Not everything is rallying this year. India is down, which is interesting as it is a perennial favourite with international investors. Obviously, there is concern that there is an election and the euphoria around Modi that greeted his election in 2014 has faded to the least, with the ruling Bharatiya Janata Party (BJP) party recently failing to win any of the five state elections that took place before Christmas.
However, Mark Tinker, Head of AXA Framlington Equities in Asia, has other concerns, “notably about the extent and composition of India’s growth compared to China as well as the fact that since 2013 the Chinese currency has depreciated 8% against the US Dollar while the Rupee has dropped 31%.” Furthermore, household spending is still around 54% of GDP in India, whereas now it has risen to almost 80% of GDP in China, making for a far broader range of potential investment opportunities. He explains:
My views on China are now ten years out of date. I also noted that when I came to Asia, India was said to just about to catch up with China and that 5 years on, it still is. Both have grown by around 45% in dollar terms over the last 5 years, but India, at around $2.7tn GDP is still only a fifth of China at $13.6tn. Indeed, over the last five years China has added the equivalent of another Germany to global GDP, while India has added the equivalent of another Turkey.
To refer to the earlier point about skyscrapers, China completed 89 last year alone, (more than the entire stock in New York) while India built four. Indeed, on the definition of buildings greater than 200m high, that doubles India’s stock to 8.
The following chart compares the two major Asian economies in terms of a much wider variety of statistics, highlighting the number of years since China was at the same level as India is now. The data is slightly out of date, but the gap is likely not.
The final chart below tells a fascinating story of two brothers and two stocks, one of which dominated the market returns last year. Last year Mukesh Ambani topped the Bloomberg Billionaires list for Asia, with a net worth of $49bn, based almost entirely around his stake in Reliance Industries, having seen the shares triple over the last five year. By contrast, his younger brother Anil, who had a net worth of around $45bn back in 2007 according to Forbes Rich list on account of his stake in Reliance Telecommunications, which he inherited back in 2005 and listed in 2006 is now down to his last $1.3bn, the share price having fallen 95% in the last five years alone.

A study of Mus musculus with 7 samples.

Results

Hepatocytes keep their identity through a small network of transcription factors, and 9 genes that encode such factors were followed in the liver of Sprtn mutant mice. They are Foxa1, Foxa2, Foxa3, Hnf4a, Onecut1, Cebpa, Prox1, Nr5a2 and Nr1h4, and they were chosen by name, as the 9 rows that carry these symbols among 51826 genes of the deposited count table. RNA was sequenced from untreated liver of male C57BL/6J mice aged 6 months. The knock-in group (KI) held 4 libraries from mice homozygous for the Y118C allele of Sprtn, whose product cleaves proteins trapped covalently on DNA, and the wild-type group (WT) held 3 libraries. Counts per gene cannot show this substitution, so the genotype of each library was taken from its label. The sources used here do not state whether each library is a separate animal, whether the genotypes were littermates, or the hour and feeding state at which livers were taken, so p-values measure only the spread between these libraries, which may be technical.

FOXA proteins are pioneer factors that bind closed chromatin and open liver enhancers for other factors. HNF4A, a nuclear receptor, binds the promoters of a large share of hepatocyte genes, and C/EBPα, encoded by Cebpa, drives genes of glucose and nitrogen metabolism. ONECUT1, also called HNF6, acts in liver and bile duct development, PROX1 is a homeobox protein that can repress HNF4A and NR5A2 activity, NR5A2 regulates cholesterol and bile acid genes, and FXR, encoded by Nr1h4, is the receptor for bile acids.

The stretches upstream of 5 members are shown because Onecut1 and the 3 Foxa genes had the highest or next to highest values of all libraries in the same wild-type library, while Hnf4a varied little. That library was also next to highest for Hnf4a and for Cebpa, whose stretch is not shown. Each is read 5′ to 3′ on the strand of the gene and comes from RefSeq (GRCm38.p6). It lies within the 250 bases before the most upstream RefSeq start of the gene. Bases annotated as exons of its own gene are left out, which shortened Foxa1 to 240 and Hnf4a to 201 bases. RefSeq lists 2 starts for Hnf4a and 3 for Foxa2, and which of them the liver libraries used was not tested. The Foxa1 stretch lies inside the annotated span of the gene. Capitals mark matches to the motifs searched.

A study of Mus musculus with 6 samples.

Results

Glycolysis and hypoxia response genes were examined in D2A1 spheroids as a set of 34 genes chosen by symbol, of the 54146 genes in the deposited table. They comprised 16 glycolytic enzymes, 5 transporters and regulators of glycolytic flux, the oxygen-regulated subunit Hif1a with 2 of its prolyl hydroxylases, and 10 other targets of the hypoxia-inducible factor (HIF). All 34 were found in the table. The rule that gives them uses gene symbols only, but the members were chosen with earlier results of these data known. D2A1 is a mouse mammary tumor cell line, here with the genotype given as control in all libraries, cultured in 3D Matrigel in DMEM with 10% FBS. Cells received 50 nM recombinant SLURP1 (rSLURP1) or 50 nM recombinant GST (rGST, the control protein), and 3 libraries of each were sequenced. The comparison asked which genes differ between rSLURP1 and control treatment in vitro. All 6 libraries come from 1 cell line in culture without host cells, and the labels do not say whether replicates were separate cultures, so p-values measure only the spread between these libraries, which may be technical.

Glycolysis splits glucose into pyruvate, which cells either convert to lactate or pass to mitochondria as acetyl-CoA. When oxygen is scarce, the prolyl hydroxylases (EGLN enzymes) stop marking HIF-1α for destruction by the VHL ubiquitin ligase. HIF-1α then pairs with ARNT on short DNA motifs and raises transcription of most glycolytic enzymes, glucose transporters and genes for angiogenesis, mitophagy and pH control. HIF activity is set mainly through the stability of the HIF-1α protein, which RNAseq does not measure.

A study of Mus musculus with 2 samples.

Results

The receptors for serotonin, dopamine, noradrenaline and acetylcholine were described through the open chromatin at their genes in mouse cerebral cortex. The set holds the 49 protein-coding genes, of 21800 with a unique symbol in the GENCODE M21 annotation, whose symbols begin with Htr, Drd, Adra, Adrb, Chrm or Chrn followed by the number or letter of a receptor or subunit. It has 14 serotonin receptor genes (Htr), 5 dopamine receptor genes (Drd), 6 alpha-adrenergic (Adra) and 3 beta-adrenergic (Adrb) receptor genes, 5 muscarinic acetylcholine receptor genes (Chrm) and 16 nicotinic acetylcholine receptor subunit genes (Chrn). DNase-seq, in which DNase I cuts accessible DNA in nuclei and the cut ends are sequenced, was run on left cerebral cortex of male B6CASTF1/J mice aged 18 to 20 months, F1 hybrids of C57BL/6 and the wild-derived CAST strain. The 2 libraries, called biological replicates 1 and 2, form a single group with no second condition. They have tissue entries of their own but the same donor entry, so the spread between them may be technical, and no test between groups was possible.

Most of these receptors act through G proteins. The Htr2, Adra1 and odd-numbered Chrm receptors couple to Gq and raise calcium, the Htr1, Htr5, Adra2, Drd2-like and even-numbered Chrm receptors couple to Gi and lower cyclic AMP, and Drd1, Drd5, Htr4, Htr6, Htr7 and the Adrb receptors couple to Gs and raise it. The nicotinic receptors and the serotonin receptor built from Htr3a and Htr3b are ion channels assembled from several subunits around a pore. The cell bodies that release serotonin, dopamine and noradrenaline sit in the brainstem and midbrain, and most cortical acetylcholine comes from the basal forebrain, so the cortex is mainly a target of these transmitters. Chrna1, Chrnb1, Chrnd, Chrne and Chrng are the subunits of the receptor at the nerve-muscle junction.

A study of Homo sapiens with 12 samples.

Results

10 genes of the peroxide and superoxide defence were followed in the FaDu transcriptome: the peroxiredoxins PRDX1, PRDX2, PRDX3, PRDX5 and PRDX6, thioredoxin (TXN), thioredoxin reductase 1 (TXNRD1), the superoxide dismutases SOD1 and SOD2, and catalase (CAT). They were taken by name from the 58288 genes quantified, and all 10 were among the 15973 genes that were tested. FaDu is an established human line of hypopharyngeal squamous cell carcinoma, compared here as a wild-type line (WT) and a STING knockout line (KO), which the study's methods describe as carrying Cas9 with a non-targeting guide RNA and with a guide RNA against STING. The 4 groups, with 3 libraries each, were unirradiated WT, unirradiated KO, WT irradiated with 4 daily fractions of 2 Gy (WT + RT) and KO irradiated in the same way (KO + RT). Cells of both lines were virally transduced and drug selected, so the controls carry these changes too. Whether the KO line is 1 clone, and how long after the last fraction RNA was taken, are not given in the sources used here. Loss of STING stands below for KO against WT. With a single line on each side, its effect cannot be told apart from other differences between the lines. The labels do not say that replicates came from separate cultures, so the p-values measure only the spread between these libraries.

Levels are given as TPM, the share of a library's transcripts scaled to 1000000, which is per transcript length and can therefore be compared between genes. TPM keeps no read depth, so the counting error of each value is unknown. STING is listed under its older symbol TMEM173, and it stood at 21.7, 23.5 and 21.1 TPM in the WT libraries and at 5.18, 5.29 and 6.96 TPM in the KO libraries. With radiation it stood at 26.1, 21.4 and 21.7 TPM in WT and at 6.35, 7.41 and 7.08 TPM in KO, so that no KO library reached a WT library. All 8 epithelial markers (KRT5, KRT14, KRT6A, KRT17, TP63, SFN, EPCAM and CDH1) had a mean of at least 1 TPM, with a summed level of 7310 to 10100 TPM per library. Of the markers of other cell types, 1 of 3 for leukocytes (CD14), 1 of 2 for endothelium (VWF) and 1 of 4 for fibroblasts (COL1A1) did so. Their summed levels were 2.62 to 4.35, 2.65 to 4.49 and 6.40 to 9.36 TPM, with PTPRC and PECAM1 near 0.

Competition – not least from the re-entry into the Telecoms business by his brother last year- and a series of failed deals, as well as the heavy investments required in the industry have brought Reliance Telecom shares down from the dizzy heights of Rs821 in January 2008 to around 5 today. Old economy Oil and Gas has trounced New Economy Telecoms comprehensively.
This is not to say that India is not interesting. Part of the reason to be interested in India is that it looks likely to be a key battleground between the US and China, especially in terms of FDI and the fourth industrial revolution. As summarised by Mark Tinker:
Facebook, Amazon, and Google will almost certainly match off against Tencent, AliBaba, and Baidu in competition for India’s consumers. If they play their cards right, the Indian government might just get competition between the world’s two biggest economies to deliver the infrastructure boost they need.